Indiscriminate selling driven by virus fears may be a prime opportunity to take advantage of price dislocations, while helping to restore much-needed common sense around valuations.
As we closed 2019, market expectations were high that we would finally see a budding global recovery gain more traction following a string of positive developments: a US-China phase one trade deal, the dissipation of a "hard" Brexit scenario, more aggressive easing from both developed and emerging market central banks, and green shoots in a number of non-US markets such as Europe. This supportive macro backdrop would, in turn, help to extend the credit cycle and boost spread sector outperformance relative to government bonds. Fast forward to today, however, and market confidence has been shattered by the speed and extent of the coronavirus/COVID-19 outbreak, which threatens to take a meaningful bite out of global economic activity.
So where do we go from here? The simple reality is that it is too soon to tell. The scientific community needs more data points to study the transmission effects and lethality of the virus, which unfortunately implies that more negative headlines and statistics await. Market participants are now dealing with yet another risk that is extremely difficult to model (in the same general vein as trade war risk), both in terms of magnitude and duration, and seemingly impossible to hedge against tactically and/or in a cost-effective way.
Bear in mind that markets are currently trying to price the economic and financial risks associated with a viral outbreak that could cause exponential disruption in manufacturing supply chains, transport and services. Should governments fumble their policy responses, preventative measures and/or mass communication efforts, markets could quickly start to price in the higher cost of more widespread demand and supply shocks as both individuals and corporations further rein in their activity.
Almost a year ago, as markets were wrestling with trade-war-related growth concerns, we noted that "in times of market pessimism, news tends to veer toward the sensationalistic, loss aversion sentiment goes viral and the opportunity cost of fear -- the risk of staying on the sidelines -- rises." This applies even more so today given that the threat of a global pandemic (which looms much larger than that of a global trade war) introduces much greater risk of information asymmetry and the potential for further price volatility on false hopes, misinterpretation and speculative market activity.
Looking ahead, we believe that governments, private sector entities and medical teams globally will very likely work toward building a common front to combat the viral threat. The initial responses will be messy and disjointed (as already seen in some cases), yet this is to be expected given the nature of the threat in the context of a highly globalized world. Ultimately, we take comfort in the fact that policymakers still have significant firepower to work with. One only needs to look back at the 2008 financial crisis and the combined fiscal and monetary policy response by both governments and central banks worldwide as a reminder that these actors can be surprisingly cohesive and creative in the face of a global emergency.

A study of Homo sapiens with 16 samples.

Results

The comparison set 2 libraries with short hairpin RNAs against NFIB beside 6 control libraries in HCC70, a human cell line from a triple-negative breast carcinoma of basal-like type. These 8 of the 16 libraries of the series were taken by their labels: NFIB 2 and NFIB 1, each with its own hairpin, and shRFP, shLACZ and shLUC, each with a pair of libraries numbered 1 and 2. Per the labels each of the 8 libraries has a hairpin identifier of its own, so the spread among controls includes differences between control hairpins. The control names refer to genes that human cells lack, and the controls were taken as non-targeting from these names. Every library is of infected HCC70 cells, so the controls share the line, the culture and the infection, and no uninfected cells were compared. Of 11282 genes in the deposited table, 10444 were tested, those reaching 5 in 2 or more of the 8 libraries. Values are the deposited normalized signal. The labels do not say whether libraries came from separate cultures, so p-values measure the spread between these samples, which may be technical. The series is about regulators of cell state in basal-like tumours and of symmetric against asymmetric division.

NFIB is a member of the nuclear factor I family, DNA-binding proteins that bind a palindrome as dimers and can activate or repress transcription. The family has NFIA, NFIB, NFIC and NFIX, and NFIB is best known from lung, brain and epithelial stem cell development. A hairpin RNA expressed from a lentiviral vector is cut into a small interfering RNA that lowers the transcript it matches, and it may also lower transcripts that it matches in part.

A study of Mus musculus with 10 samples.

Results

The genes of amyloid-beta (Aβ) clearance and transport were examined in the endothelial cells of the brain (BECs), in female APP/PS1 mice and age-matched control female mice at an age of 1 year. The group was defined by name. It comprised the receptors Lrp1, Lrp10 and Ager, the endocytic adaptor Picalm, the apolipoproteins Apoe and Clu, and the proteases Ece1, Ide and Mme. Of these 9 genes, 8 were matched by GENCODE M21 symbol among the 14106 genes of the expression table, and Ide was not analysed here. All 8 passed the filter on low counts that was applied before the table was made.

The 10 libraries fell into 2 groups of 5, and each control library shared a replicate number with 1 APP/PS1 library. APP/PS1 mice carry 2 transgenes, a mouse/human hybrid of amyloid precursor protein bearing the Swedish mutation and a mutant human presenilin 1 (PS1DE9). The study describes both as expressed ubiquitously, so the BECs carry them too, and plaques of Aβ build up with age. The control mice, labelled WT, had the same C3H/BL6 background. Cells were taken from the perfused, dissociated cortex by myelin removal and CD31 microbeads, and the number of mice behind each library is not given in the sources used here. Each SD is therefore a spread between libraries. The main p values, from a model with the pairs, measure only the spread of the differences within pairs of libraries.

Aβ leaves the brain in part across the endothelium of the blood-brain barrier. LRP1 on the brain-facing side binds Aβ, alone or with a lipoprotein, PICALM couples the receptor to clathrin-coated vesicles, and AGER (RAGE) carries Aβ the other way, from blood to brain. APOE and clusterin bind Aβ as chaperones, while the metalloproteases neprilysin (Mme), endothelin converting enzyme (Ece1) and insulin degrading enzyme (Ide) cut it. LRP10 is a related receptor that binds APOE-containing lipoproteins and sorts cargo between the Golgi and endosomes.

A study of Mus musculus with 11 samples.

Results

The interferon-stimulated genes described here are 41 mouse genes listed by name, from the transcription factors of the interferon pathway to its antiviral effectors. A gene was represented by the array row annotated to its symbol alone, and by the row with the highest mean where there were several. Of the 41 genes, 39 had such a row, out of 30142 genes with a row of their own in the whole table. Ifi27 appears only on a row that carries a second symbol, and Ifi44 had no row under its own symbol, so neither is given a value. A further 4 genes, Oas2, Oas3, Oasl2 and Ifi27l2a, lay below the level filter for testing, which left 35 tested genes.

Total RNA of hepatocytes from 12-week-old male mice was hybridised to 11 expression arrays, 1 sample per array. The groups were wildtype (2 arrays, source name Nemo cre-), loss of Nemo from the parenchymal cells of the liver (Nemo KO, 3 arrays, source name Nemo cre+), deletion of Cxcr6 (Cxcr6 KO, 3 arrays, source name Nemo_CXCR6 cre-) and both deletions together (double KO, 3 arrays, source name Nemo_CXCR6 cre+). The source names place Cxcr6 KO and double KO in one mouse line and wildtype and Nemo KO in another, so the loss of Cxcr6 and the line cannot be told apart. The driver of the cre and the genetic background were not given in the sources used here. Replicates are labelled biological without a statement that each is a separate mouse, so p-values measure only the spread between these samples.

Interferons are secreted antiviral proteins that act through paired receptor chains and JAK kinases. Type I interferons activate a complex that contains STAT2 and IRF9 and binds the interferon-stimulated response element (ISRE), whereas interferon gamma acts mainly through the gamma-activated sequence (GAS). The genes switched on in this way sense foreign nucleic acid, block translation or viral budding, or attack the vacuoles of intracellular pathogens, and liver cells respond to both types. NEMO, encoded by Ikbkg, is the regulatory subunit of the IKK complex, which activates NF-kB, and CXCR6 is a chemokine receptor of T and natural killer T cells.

From an investment perspective, we recognize that any large and sudden market correction can be unnerving. However, looking at the current selloff through a longer-term lens, we view it as constructive given the almost uninterrupted rise in equity market valuations in the post-crisis years and increasingly tighter valuations observed across the riskier segments of global credit markets. In our experience, these episodes serve to reintroduce investment discipline, renew respect for fundamental analysis over short-term, technically driven trading and restore some much-needed common sense around valuations.
For investment managers such as Western Asset, who have long advocated active management and a fundamentally value-based approach to investing, we see this period of panic and fear -- and the indiscriminate selling associated with it -- not as an abyss filled with despair but rather as a prime opportunity to take advantage of market dislocations and mispricings for the benefit of our clients.
"Brexit" is a shorthand term referring to the UK vote to exit the European Union.
Developed markets (DM) refers to countries that have sound, well-established economies and are therefore thought to offer safer, more stable investment opportunities than developing markets.
Emerging markets (EM) are nations with social or business activity in the process of rapid growth and industrialization. These nations are sometimes also referred to as developing or less developed countries.
COVID-19 is the World Health Organization's official designation of the current coronavirus outbreak.
Spread sectors refers to sectors of the bond market, such as taxable bonds that are not Treasury securities, and includes securities such as agency securities, asset-backed securities, corporate bonds, high-yield bonds and mortgage-backed securities.